The University Record, January 24, 1994

U faces stiff competition for state dollars, legislators say

By Mary Jo Frank

Michigan has a three- or four-year window of opportunity to bring its support of higher education up to a respectable level, before the state’s next economic downturn, predicts Sen. John J.H. Schwarz, R-Battle Creek.

Schwarz, chair of the Higher Education Subcommittee of the Senate Appropriations Committee, and Sen. Lana Pollack, D-Ann Arbor, joined economics Profs. Ned Gramlich and Paul Courant, and Gary Olson, director of the Michigan Senate Fiscal Agency, in a discussion about Michigan’s economy and the outlook for state support of higher education at last Thursday’s Regents’ Meeting.

“We should compete and we should compete hard in the good years” for dollars for higher education, Pollack said. “Our cause is worthy.”

Major competitors for taxpayer support include the state’s corrections system, K-12 education and health care, according to the speakers.

State spending on corrections is up 343.6 percent, compared to an overall budget growth of 76.2 percent for the 10-year period beginning 1982–83, Olson reported. While corrections spending accounted for 3 percent of the state’s budget in 1982–83, it had grown to 7.5 percent by 1992–93.

The prison population has grown by 21,000 inmates or 145 percent over the past 10 years, compared with a 3.5 percent growth in the total Michigan population, Olson said. One out of four new prisoners is a drug offender.

During the past 10 years, the state has constructed 21 new regional prisons at a total cost of approximately $1 billion, for a capital cost of approximately $80,000 per new prison bed.

In contrast, the U-M has experienced a period of sustained erosion in state support for the last seven to eight years, President James J. Duderstadt said.

Pollack noted that state appropriations, as a percentage of the U-M’s General Fund, have declined from 76.9 percent in 1960 to 41 percent in 1993. In the meantime, student tuition, as a percentage of the General Fund, has increased from 21.7 percent in 1960 to more than 50 percent.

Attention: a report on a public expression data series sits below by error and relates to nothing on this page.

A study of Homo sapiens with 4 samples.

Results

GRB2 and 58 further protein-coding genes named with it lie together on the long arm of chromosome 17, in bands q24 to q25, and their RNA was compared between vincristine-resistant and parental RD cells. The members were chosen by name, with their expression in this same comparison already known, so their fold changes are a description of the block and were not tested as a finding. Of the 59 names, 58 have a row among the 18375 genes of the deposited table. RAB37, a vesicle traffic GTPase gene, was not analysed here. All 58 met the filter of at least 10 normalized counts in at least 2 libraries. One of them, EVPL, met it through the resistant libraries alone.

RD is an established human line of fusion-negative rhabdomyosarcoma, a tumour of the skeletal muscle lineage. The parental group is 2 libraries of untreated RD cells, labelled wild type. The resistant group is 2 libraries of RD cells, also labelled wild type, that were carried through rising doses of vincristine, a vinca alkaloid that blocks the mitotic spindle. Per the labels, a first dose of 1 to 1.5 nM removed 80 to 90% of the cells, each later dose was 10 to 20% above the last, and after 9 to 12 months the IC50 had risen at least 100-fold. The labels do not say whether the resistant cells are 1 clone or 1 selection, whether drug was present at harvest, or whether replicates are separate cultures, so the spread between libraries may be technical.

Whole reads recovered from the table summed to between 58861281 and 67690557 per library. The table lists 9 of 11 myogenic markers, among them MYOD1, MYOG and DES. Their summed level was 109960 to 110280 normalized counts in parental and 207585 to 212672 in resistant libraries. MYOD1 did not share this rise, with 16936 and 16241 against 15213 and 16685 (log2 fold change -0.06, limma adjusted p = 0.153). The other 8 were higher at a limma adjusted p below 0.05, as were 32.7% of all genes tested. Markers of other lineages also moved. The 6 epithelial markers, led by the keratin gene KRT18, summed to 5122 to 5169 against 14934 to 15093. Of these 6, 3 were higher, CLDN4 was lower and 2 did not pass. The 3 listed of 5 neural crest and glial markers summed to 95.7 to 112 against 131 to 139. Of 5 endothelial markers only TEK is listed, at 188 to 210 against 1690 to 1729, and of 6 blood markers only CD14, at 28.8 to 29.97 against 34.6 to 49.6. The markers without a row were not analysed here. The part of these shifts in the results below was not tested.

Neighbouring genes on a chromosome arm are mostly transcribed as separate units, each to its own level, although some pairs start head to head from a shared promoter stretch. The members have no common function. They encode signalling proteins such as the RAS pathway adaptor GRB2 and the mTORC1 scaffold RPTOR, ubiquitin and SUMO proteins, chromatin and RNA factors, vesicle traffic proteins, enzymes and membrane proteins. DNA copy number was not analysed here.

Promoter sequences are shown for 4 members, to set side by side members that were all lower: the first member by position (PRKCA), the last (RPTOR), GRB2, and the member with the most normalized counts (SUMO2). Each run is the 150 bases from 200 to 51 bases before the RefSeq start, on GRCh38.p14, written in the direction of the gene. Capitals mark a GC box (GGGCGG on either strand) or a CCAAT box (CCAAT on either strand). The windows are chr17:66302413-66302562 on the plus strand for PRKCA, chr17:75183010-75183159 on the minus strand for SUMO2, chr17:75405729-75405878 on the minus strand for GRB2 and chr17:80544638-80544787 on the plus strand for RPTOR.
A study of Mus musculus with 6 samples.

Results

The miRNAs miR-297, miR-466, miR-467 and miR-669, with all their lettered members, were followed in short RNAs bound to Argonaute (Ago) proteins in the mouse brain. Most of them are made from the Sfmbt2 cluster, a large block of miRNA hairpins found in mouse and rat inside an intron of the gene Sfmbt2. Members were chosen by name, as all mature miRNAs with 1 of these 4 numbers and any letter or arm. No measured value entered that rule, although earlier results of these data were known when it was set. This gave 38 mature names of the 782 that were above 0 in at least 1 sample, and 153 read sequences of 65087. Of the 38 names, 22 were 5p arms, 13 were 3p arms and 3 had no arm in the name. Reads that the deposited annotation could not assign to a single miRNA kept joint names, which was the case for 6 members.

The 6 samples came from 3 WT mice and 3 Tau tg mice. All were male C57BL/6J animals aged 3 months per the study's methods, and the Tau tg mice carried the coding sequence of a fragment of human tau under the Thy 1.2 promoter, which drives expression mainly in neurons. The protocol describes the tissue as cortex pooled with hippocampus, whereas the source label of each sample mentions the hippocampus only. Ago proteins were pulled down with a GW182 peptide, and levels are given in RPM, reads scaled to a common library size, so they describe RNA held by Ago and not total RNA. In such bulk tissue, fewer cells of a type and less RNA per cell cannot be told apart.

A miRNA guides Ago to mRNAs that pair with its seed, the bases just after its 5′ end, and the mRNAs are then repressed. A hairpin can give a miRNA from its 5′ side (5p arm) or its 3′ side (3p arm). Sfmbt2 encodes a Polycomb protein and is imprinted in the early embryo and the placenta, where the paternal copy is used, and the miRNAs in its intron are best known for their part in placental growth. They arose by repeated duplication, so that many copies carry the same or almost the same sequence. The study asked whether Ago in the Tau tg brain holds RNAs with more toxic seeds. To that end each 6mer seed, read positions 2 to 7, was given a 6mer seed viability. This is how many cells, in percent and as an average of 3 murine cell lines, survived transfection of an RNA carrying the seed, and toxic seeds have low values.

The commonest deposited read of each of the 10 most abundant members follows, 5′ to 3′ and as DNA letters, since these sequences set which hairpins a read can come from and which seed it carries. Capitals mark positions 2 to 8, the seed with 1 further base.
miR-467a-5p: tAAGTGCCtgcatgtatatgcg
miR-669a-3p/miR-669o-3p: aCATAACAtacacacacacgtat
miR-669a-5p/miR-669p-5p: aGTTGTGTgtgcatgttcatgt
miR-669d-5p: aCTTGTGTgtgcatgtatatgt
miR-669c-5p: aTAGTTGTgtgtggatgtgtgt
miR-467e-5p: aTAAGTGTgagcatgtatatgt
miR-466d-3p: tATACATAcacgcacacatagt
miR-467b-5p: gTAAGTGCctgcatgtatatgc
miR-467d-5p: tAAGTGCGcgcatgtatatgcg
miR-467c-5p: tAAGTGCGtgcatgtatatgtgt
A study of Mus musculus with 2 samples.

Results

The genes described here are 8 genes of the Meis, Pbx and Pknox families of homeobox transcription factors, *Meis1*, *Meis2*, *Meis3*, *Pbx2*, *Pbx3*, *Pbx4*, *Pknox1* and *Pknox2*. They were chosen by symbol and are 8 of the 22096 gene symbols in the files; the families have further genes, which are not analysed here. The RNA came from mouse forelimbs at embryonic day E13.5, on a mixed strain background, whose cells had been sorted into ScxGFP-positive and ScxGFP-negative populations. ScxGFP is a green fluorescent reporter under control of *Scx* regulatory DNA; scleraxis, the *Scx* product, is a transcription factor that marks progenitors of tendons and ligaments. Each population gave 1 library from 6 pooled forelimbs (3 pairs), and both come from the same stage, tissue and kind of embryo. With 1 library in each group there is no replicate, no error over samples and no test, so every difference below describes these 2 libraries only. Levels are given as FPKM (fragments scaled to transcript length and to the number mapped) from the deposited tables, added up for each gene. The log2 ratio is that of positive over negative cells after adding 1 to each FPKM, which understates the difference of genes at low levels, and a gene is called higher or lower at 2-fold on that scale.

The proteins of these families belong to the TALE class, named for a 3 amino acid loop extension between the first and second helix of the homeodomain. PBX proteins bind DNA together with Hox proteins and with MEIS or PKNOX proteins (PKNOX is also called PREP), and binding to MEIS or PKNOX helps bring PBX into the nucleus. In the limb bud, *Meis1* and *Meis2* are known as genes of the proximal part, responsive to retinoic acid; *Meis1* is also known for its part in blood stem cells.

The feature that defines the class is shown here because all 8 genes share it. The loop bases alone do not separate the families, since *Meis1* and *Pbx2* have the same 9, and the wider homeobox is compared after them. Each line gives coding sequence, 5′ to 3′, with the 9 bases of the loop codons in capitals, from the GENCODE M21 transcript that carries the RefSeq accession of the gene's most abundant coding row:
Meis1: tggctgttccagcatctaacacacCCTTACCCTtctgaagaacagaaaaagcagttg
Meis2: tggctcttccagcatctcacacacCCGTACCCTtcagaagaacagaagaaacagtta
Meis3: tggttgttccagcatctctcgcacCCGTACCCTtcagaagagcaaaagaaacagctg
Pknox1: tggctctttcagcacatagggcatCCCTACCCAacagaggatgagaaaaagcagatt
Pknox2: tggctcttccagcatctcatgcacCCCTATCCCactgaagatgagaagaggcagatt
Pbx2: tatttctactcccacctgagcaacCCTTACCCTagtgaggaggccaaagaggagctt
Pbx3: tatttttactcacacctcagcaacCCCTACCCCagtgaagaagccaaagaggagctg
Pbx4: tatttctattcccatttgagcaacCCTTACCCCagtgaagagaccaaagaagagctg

Regent Philip H. Power said that since the 1960s there has been a change in attitude toward higher education. Three decades ago the notion was that the state should subsidize education for students as a whole. This social obligation, he charged, has since been replaced by the idea that students should pay a users’ fee.

Over the past three fiscal years, the overall state general fund/general purpose budget has increased by 10.4 percent while higher education funding is up by 4.7 percent, Olson said.

Gov. John Engler’s 1994–95 budget recommends $1.25 billion for higher education—an overall increase of 3 percent for state universities, with individual increases ranging from 2.3 percent for nine of the state’s 15 universities, including the U-M, to 17.1 percent (Grand Valley State University).

Noting that the Regents have had to make the painful decision to increase tuition to maintain the U-M’s quality, Regent Nellie M. Varner asked the senators why the U-M is not slated to receive more than the flat percentage increase. Many U-M programs, she noted, are more expensive to offer than those offered by other state universities.

“If it were possible, I would do it,” Schwarz said. However, in 1994, in a climate where no university received any increase last year, “the fairest thing to do is give each university something.” He plans in 1995–96 to target appropriations to individual institutions, emphasizing his opposition to any formula funding for state universities.

Increased state support would come at a price, Pollack said. If the U-M received extraordinary support, legislators and taxpayers would expect restraint when it comes to tuition increases, she explained.

Tuition increases and concerns about the in-state/out-of-state ratio of students are the most sensitive constituent calls she receives regarding the U-M, said Pollack, who noted that since 1987 U-M tuition increases have risen considerably faster than the Consumer Price Index and the Higher Education Price Index.

She also reminded the Regents of the state’s recent “very generous capital fund appropriation,” crediting Schwarz for pushing for the funding.

Regent Paul W. Brown suggested that any tuition debate be centered on the quality of the education Michigan residents receive at the U-M compared with peer institutions nationwide. “We provide a top-notch education for about one-quarter of the cost a Michigan resident would have to pay for any other [national peer] school. That differentiates the U-M from other state schools,” Brown said.

Education is key to the state’s economic growth, Duderstadt said. “In a knowledge-driven society, new jobs will be generated by new knowledge.”

Gramlich said that while everyone knows of college graduates who are having difficulty finding employment, higher education still correlates with higher income.

Although Michigan is not a poor state, it no longer is a rich one, Courant explained. Fueled by the auto industry, Michigan’s per capita income was above the national average from the 1950s to the 1980s. Since 1987, the state’s per capita income has remained below the national average and is now more like the national average, Courant added.